Can you imagine becoming an outcast among family and friends because of your beliefs? On top of that, imagine being completely accepting of different views of others’ even though you feel intensely about your own.
Students who are a part of the Secular Student Alliance (SSA) hold the belief that church and state should be separated. Many members of the SSA either have no religious ideals, or ideals that may be out of the cultural norm.
“When we say church and state separation, it’s trying to create a neutral environment everybody can coexist in where one group isn’t infringing on another,” Marketing senior Alek Renkema said. “We talk about religious ideals and we may disagree, but we don’t spread hate about religion.”
The SSA isn’t an anti-religion group. Though most members are agnostic or atheist, they have had members with beliefs ranging from Paganism to Christianity.
“It’s a common misconception that we’re just here to bash Christianity,” SSA Vice President and Business Administration/Legal Studies junior Corinne Staten said. “That’s not what we’re about. It’s not about a war on religion.”
However, the SSA is about providing a sense of comfort to those who have struggled with their nonreligious opinions in a world flooded by religion.
“It’s very crippling the loneliness you sometimes get because you’re the only one who thinks that way,” SSA President and Engineering sophomore Steven Beckon said.
Much of the isolation felt by SSA members is due to those close to them, which makes sticking to their principles all the more difficult.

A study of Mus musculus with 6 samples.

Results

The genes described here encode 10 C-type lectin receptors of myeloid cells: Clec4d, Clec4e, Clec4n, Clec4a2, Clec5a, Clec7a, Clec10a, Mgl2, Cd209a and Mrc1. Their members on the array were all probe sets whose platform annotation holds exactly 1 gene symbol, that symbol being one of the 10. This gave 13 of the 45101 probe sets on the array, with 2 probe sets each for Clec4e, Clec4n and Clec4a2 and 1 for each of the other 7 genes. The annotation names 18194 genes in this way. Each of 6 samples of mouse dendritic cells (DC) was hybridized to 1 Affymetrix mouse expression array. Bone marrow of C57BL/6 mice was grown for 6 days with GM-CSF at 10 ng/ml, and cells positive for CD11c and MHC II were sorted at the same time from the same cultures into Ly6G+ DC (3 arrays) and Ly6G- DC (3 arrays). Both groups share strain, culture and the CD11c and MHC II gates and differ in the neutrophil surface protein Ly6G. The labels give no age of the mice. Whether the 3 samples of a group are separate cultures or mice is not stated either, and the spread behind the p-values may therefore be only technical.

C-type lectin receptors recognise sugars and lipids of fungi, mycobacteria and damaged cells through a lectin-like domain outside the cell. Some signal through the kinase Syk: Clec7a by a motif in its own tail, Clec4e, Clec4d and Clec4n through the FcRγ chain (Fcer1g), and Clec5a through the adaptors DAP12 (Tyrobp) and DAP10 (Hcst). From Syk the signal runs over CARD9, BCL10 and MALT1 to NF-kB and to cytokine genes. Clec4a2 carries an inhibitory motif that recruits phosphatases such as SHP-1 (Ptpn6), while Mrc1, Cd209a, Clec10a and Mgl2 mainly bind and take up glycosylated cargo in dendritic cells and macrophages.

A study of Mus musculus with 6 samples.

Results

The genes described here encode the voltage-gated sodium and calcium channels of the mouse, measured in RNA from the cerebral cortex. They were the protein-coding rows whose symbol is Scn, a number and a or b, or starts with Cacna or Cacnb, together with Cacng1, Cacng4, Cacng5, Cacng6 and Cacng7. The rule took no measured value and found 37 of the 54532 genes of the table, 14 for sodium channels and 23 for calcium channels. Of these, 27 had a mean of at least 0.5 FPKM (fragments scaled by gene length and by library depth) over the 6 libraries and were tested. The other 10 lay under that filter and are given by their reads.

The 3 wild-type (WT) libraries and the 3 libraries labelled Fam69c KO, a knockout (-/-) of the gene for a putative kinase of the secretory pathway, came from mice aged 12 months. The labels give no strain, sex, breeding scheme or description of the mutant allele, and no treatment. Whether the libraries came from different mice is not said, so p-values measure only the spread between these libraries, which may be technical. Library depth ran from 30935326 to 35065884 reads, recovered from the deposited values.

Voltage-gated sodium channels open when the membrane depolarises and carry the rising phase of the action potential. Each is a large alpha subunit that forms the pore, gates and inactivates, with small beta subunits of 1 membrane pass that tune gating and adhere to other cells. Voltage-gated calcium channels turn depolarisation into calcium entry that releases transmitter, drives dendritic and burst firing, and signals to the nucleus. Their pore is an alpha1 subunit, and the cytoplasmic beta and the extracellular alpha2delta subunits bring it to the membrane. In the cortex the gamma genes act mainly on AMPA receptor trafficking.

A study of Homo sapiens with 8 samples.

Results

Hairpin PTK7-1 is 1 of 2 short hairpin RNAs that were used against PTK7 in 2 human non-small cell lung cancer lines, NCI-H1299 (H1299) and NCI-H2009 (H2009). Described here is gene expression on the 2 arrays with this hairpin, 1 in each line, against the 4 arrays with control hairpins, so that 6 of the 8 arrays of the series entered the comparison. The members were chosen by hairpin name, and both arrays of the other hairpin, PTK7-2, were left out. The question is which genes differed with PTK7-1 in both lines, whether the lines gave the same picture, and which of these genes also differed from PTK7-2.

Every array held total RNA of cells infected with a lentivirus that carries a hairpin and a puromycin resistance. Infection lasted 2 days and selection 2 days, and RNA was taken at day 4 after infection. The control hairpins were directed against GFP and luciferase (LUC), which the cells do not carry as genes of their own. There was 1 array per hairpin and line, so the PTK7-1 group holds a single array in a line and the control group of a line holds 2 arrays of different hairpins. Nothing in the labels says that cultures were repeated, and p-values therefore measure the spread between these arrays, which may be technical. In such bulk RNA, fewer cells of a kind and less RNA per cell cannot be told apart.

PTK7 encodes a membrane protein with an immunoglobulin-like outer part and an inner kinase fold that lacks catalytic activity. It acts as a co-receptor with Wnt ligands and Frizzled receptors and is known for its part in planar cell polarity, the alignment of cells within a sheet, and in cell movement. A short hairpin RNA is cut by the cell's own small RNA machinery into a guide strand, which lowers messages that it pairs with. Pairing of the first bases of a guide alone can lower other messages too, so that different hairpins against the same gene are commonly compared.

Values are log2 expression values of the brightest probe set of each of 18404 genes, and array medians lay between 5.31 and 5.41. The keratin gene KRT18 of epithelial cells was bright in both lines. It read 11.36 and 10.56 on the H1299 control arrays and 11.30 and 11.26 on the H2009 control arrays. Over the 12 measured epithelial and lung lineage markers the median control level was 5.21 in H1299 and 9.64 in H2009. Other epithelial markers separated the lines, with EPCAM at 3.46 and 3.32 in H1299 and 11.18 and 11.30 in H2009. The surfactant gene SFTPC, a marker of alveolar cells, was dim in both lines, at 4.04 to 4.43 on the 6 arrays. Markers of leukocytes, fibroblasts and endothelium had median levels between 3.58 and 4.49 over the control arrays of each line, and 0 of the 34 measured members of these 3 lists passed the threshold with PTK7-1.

“I was agnostic up until I could decide on a religion, and I decided none,” Beckon said. “My extended family, though, is very religious and I have not told them and am not planning on telling them. I would be immediately excluded.”
Staten grew up in the south and was surrounded by Southern Baptists, including family members, who shunned those with differing ideals. Joining the SSA helped her immensely during her religious journey.
“I’m an atheist,” Staten said. “I haven’t always been one. I tried to find a religion I kind of felt comfortable with, but in the end, I was like, ‘none of these make sense.’ So once I got here and I found out about SSA, I felt more comfortable, like there are actually people out there who are like me.”
Renkema, who looked into many religions before deciding on atheism, has also experienced confusion in finding a belief system in line with his own.
“There was like a two-year period where I was agnostic for a while,” Renkema said. “Then at the end I was like, ‘I spent two years [not having religion] and I’m fine. I don’t really believe in any of this, so why do I need it?’ And now I’m just me.”
Finding the SSA has given Renkema the opportunity to be with others who are true to themselves and feel comfortable expressing their beliefs without fear of judgment.
“You’re scared that your friends might ostracize you, and who knows what your family could do,” said Renkema. “So with a group like this, you get help to talk about these topics with people like you. You’re not alone in being vocal.”
Students interested in the SSA can attend a meeting on Wednesdays at 8 p.m. in Cramer’s conference room.
The SSA is also hosting an “Interfaith Panel” promoting religious acceptance on November 19th at 8 p.m. in Williams Auditorium.